Australian Vanadium has secured a site and progressed the design and development of a flow battery electrolyte facility in Western Australia.
Australian Vanadium (AVL) is a publicly listed vanadium resource company creating a vertically integrated vanadium redox flow battery (VRFB) energy storage business, as well as targeting supply of the metal into the steel industry.
The company made an announcement to the Australian Securities Exchange (ASX) yesterday regarding its manufacturing facility, which will have a 33MWh annual production capacity. Its selected site is in Wangara, a suburb in northern Perth.
In addition to securing the land, AVL has ordered equipment from suppliers with a long lead time, for which deliveries are expected to begin in the second quarter of this year. AVL did not say in its release when the plant will be up and running, but said site preparation work ahead of the arrival and assembly of equipment will likely begin in April 2023.
Engineering company Primero Group has worked with AVL to design the plant, which will comply with national requirements and standards.
Meanwhile, AVL has licensed key vanadium electrolyte manufacturing technology from US Vanadium (USV), which in addition to the manufacturing IP and tech sells high purity vanadium pentoxide from its own processing facility in Hot Springs, Arkansas, US.
USV currently sources its vanadium feedstock from India, having signed a five-year supply deal for the metal – deemed a Critical Mineral by the US and other governments – with an unnamed producer back in late 2021.
While AVL has ambitions and plans to become a vanadium processor and eventually open and operate its own “flagship” vanadium mine in Australia, firstly through building a processing hub in the Midwest of Western Australia with capacity to produce 13,000 tonnes of vanadium pentoxide flake per year, and then build a mine to exploit a high-grade vanadium deposit near the mining town of Meekatharra in the state.
The latter has been given Federal Major Project Status by the Australian federal government in 2019, as well as State Lead Agency Status by the Western Australian state government a year later, in recognition of the project’s potential strategic importance to both.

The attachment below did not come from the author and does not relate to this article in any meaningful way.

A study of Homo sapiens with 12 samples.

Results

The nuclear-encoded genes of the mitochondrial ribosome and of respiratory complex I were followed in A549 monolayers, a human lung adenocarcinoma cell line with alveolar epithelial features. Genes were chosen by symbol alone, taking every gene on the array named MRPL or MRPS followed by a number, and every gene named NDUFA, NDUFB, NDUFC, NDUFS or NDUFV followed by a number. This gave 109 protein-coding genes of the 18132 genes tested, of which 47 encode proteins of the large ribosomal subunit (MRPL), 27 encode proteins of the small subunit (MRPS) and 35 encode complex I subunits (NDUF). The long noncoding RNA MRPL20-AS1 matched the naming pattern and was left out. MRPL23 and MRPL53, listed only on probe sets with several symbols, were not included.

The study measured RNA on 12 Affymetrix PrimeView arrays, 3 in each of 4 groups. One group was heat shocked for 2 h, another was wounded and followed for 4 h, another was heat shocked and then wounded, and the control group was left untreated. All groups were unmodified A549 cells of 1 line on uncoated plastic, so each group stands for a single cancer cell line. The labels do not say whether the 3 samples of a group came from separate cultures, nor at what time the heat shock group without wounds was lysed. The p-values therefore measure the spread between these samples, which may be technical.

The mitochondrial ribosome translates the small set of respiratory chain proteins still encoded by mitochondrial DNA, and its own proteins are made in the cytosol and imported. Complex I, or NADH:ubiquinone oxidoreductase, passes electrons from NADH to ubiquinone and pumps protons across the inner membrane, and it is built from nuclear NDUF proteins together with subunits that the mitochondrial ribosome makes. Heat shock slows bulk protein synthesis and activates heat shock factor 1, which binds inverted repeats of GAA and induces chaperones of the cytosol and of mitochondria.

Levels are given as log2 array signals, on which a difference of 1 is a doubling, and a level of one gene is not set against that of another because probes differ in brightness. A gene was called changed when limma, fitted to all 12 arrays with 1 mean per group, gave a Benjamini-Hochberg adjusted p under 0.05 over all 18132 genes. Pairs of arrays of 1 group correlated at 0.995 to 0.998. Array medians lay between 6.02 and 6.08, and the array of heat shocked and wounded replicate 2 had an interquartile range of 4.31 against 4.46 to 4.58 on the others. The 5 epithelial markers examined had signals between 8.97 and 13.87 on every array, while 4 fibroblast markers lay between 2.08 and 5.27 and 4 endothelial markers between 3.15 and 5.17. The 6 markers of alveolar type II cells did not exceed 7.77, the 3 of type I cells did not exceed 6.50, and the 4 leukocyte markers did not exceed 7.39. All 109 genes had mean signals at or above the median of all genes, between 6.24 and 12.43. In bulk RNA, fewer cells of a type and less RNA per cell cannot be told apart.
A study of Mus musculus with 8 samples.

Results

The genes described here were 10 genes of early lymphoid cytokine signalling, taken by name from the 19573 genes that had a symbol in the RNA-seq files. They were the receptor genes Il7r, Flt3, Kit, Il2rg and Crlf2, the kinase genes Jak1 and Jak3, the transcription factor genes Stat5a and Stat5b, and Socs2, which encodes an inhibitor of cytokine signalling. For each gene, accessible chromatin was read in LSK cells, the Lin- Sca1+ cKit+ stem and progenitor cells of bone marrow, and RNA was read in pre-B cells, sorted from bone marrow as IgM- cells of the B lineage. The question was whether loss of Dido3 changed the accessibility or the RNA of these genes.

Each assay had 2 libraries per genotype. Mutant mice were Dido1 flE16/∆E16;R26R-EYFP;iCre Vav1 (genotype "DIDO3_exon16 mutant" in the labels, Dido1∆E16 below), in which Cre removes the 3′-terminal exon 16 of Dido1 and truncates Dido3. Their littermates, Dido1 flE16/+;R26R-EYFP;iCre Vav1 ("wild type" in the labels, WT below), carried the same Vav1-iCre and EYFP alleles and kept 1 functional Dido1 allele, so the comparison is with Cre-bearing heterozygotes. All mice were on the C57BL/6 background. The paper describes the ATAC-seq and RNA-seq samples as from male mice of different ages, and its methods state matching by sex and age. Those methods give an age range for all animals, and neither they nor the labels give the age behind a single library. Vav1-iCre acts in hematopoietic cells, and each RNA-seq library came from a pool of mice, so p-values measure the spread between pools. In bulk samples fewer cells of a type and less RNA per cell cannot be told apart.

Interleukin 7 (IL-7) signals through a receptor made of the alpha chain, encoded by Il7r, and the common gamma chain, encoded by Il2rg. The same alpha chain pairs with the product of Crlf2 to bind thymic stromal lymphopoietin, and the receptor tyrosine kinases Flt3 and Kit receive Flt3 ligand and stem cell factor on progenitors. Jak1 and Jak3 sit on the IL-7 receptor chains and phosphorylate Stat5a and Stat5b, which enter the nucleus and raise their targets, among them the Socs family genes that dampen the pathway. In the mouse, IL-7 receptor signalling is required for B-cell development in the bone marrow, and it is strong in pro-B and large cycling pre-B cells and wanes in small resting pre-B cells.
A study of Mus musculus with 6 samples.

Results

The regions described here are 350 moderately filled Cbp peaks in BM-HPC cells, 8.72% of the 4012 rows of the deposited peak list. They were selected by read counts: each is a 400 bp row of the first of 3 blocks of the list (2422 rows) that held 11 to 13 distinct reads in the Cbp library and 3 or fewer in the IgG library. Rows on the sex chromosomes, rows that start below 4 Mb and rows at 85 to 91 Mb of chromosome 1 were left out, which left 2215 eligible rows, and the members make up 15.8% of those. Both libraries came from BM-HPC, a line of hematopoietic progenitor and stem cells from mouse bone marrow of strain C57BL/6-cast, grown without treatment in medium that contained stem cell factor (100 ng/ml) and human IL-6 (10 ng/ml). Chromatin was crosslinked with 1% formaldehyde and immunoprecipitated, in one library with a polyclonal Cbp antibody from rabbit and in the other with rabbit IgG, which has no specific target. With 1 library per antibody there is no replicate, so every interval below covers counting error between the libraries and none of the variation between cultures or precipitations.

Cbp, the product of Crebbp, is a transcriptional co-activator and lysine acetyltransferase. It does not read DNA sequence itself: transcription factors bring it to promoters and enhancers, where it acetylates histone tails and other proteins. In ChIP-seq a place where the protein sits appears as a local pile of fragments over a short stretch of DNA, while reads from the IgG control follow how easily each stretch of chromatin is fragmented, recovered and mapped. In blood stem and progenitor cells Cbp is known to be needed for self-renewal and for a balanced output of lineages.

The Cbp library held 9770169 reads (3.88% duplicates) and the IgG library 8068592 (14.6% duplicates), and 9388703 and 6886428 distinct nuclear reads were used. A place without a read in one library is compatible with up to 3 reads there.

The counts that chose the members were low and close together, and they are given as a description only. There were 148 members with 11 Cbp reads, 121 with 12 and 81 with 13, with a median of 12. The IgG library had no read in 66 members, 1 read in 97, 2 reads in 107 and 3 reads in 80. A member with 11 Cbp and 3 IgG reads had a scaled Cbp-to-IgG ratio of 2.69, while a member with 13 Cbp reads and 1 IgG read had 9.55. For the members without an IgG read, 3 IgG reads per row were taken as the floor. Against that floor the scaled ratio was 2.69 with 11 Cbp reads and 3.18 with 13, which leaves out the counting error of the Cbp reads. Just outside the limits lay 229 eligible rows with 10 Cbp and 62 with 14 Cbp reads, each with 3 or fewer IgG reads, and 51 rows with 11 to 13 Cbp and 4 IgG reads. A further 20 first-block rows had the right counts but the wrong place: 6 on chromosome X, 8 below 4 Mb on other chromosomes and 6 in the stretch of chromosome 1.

Vanadium flow batteries are considered a suitable technology for providing bulk electrochemical storage of energy for mid to long durations i.e., several hours, and have long expected lifetimes in operation equivalent to roughly 20,000 daily cycles.
However, barriers to adoption include high upfront capital cost versus lithium-ion, despite a potential lower cost of ownership over lifetime and crucially, access to vanadium, both in raw material form and in terms of access to electrolyte processing and manufacturing.
In an interview published this week, the CEO of Lion Storage, a Netherlands-headquartered battery energy storage system (BESS) project developer, said the current VRFB industry ecosystem is not big enough to support massive scale-up of the technology.
Efforts to address this gap are ongoing around the world. Australia has a perceived head start in this respect, holding significant vanadium deposits and being the country incidentally where the technology was invented.
The government of another Australian state, Queensland, is targeting taking a share of that potential market too: its recently published Energy and Jobs Plan outlined that while Queensland has cobalt, nickel and other materials used in lithium-ion batteries and other clean energy tech like LED lights, vanadium, and VRFBs, could be the one area where it holds the most advantage. The state government is helping to fund a processing plant worth AU$75 million (US$53.38 million) in the Queensland coastal city of Townsville.
AVL was awarded a AU$3.9 million (around US$2.88 million at that time) grant from the federal government to fast-track development of its processing capabilities in 2021. Further downstream, the company also has a subsidiary, VSUN Energy, which is focused on developing the VRFB market in Australia.